Culture Presentation to Millennials

Millennials are beginning to move into the workforce in great numbers, and they are changing the way organizations operate. For Millennials, the culture they work within is of paramount importance because they are more culturally minded and cause driven (Moritz, 2014). Since culture is clung to as a part of establishing an organizational identity, one way Millennials get a glimpse of an organization’s identity is through the employee handbook (Schein, 2010).

Culture is considered to be “the way things are done around here” (Edwards et al., 2014) and exposure to an employee handbook allows new Millennial employee to get a good feel for an organizational culture; if the handbook is an accurate reflection of the culture of the organization. This makes it important for organizations to update the handbook to accurately portray the organizational culture. If the culture of an organization is attractive to a Millennial employee, but the handbook portrays an unattractive culture, it can create unnecessary apprehension the new employee will need to work through (Moritz, 2014).

Organizations seek to fill key positions with people who have similar beliefs, values, and assumptions necessary for future growth and survival (Schein, 2010), and having an employee handbook that accurately portrays the organization culture will help make this a reality. In order to make this mechanism work, leaders must be able to identify the gap between the actual culture and the portrayed culture in the handbook (Schein, 2010).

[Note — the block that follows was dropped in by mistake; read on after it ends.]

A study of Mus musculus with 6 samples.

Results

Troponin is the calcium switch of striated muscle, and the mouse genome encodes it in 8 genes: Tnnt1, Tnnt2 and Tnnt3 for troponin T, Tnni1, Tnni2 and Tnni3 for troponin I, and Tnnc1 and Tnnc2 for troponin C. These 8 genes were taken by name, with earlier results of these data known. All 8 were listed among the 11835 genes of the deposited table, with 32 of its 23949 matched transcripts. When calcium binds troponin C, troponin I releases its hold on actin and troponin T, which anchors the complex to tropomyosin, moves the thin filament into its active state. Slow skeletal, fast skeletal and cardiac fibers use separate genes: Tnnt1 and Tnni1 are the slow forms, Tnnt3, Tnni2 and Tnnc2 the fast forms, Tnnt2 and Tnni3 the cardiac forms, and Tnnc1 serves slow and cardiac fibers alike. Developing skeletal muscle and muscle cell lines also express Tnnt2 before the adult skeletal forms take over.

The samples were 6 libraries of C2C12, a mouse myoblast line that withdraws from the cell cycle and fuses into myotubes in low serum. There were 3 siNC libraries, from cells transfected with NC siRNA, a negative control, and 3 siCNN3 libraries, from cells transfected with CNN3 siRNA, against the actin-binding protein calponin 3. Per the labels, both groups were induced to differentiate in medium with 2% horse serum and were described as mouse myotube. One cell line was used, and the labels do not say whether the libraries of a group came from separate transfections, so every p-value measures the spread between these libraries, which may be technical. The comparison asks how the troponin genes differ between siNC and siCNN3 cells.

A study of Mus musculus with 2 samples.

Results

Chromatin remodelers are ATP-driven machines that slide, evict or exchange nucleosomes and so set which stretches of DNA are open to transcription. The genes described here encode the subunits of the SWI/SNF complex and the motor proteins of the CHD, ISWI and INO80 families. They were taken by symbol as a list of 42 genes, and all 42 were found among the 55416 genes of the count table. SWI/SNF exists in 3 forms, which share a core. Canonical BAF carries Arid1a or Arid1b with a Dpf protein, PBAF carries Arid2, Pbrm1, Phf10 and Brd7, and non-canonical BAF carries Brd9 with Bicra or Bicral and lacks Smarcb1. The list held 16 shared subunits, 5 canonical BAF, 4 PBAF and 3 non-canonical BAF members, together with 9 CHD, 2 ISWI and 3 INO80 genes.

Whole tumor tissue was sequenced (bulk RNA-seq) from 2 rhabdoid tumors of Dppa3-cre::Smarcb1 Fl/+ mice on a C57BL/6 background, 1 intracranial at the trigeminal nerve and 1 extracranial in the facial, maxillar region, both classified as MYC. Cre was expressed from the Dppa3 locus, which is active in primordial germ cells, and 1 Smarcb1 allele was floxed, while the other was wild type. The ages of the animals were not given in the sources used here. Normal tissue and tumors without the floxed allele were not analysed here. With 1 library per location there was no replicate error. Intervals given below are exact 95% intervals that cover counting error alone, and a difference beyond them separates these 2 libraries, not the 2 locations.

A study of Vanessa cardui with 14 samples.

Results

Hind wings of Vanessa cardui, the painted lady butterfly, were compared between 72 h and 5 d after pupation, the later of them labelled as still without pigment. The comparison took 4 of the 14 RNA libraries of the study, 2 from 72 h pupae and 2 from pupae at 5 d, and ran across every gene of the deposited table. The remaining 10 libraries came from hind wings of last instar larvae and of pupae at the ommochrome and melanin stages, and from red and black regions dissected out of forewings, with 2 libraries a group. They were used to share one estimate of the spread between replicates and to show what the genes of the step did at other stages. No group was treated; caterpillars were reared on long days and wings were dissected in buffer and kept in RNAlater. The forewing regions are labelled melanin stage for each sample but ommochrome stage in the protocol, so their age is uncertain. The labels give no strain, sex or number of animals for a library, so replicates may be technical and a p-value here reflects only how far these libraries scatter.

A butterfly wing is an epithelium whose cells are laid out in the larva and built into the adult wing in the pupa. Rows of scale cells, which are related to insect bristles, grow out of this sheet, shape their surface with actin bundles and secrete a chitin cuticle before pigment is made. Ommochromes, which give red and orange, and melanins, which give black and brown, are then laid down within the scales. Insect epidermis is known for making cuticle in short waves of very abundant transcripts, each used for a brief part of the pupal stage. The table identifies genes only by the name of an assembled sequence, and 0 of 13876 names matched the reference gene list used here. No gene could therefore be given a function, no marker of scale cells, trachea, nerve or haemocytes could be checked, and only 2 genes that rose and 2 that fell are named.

Culture is the most important driver of organizational performance (Losey, Meisinger, & Ulrich, 2005), and Millennial employees are first exposed to the culture through the employee handbook. If the culture portrayed in the handbook is dismal and inaccurate, leaders need to make an adjustment to the handbook to accurately portray the culture. If it is dismal and accurate, leaders must find a way to change the culture to insure success in the future.

References

Edwards, M., Penlington, C., Kalidasan, V., & Kelly, T. (2014). PROFESSIONAL ISSUES. Culture change, leadership and the grass-roots workforce. Clinical Medicine, 14(4), 342–344.

Gabris, G. T., & Ihrke, D. M. (2007). No End to Hierarchy Does Rank Make a Difference in Perceptions of Leadership Credibility? Administration & Society, 39(1), 107–123. http://doi.org/10.1177/0095399706296616

Losey, M., Meisinger, S., & Ulrich, D. (2005). The Future of Human Resource Management: 64 Thought Leaders Explore the Critical HR Issues of Today and Tomorrow (1 edition). Alexandria, Va. : Hoboken, N.J: Wiley.

Moritz, B. (2014). How I Did It: The U.S. chairman of PwC on keeping Millennials engaged. Harvard Business Review, (11), 41.